The U.K.’s vote to break from the European Union has implications extending all the way to Britons’ medicine cabinets.
At stake is the country’s say in drug approvals for Europe, research funding for its life-sciences industry and patients’ access to critical new medicines. The European Medicines Agency will likely lose its London home and may no longer be able to tap the local scientists and experts who do a third of its work in assessing new treatments.
The prospect is galvanizing drugmakers and authorities to rethink how medicines get from the lab to pharmacy shelves — and retain a connection to Europe.
“There’d be serious consequences if we ended up in an isolationist position,” said Mike Thompson, chief executive officer of the Association of the British Pharmaceutical Industry. Stakeholders in the U.K. now need to show the nation is open to engaging with the EU, otherwise “investment, research and jobs will go elsewhere.”
The pharmaceutical industry’s future is just one thread in the tricky business of disentangling the U.K. from the rest of Europe. Policy makers will need to clarify just what the U.K’s new relationship with the 27-member bloc will look like, while curtailing the economic disruption.
Full Break (Or Not)
ABPI, which represents British drugmakers including AstraZeneca Plc and GlaxoSmithKline Plc, will use the summer months to come up with options to present to the new U.K. government on how to keep the pharmaceutical industry connected to Europe, Thompson said.
What those links will ultimately look like depend on whether the U.K. stays within the European Economic Area free-trade zone like Norway, or opts for a full break by choosing to trade with the EU under World Trade Organization rules, or finds something in between.
Regardless, only EU-member states are allowed to vote on the EMA’s Committee for Medicinal Products for Human Use, and that group’s recommendations typically determine whether the EU’s executive arm authorizes sales of a drug to patients in the region. So even if the U.K. were to negotiate a way to continue using the EMA as the overarching regulator, it stands to lose much of its influence on new treatments.
“Right now we have a seat at the table” that risks vanishing, said Malcolm Weir, founder and CEO of Heptares Therapeutics, a U.K. drug discovery company now owned by Japan’s Sosei Group.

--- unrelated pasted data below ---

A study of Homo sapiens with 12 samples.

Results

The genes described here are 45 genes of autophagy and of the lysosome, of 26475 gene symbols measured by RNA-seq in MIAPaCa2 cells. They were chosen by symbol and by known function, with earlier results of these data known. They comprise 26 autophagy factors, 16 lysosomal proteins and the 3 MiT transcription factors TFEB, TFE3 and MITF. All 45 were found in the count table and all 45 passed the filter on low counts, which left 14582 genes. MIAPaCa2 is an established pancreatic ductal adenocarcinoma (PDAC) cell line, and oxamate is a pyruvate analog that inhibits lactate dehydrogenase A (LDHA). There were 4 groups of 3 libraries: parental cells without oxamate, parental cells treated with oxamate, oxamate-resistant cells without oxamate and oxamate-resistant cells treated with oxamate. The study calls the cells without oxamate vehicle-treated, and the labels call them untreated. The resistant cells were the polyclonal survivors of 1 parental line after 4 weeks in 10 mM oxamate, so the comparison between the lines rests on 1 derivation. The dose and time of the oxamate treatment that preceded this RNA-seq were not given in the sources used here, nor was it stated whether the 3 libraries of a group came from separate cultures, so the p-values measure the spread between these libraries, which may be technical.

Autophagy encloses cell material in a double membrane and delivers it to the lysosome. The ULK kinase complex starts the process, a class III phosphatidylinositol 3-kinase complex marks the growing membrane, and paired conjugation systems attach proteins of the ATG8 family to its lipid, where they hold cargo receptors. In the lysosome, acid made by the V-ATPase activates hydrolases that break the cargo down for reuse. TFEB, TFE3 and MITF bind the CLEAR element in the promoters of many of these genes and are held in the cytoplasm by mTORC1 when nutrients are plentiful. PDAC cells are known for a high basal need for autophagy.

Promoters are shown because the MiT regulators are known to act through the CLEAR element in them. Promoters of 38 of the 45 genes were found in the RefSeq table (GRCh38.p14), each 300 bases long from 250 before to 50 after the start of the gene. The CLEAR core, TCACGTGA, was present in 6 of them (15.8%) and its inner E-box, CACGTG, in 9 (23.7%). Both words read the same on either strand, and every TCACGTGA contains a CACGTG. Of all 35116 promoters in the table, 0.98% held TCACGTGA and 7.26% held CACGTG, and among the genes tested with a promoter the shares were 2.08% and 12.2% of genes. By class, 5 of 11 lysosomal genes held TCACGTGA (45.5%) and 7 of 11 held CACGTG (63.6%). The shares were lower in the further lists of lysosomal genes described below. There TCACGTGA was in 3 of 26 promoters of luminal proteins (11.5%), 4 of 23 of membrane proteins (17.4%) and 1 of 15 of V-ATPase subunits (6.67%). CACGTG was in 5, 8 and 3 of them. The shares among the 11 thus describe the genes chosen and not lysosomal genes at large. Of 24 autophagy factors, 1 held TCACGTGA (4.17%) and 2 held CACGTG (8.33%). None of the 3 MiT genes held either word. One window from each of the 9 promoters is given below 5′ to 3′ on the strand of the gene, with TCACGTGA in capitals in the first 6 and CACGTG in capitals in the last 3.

The best that the U.K. regulator could hope for would be an observer status on EMA committees, according to Grant Castle, a London-based partner at law firm Covington & Burling LLP.
That loss of influence could make the U.K. less appealing, because it “wouldn’t be the same pull to pharmaceutical companies that they once were,” Castle said.
Basic scientific research funding could also be devastated by the U.K. exit, according to a May 2016 report from consulting group DigitalScience. The country received more than 8 billion euros ($10.6 billion) in research funding from the bloc from 2006 to 2015.
“We can’t see too many advantages for the life sciences industry — but we can see significant risks and complications,” said Tim Wilsdon, a London-based vice president at Charles River Associates. The consulting firm studied the issue for the European Federation of Pharmaceutical Industries and Associations and issued its report last month.
Even in the best-case scenario, in which the U.K. is integrated into the European Economic Area, there will likely be a “chilling effect” on life science investment, Wilsdon said. Countries like Norway, which is outside the EU, have won access to the bloc’s research program only after making “a substantial financial contribution,” the Charles River report showed.
British patients could also end up being the losers if the U.K. failed to negotiate a way to keep the EMA as the final decision maker for authorizing the use of new medicines. That would force drugmakers to seek separate approvals to reach Britain’s 65 million people and the EU’s remaining 443 million patient-marketplace, making the U.K. significantly less attractive.
“The doomsday scenario for everybody is where we end up with two separate processes,” ABPI’s Thompson said. “And that’s clearly not in the interests of British patients.”
The U.K.’s decision to leave the EU is without precedent, and so it’s “too early” to foresee the implications of this decision, Sophie Labbé, a spokeswoman for the EMA, said in an e-mailed statement.
The EMA itself could also be weakened if it lost access to the scientists and experts supplied by the U.K.’s own medicines regulator, known as the Medicines & Healthcare products Regulatory Agency.
The regulator’s ability to call on the experts provided by each member nation’s medicines agency, be they Swedes, Germans, Italians or Portuguese, has been critical for its success in quickly assessing drugs, according to Steve Bates, CEO of the U.K. BioIndustry Association.
“That should be a key priority, that that continues,” Bates said. “It’s tricky to unpick.”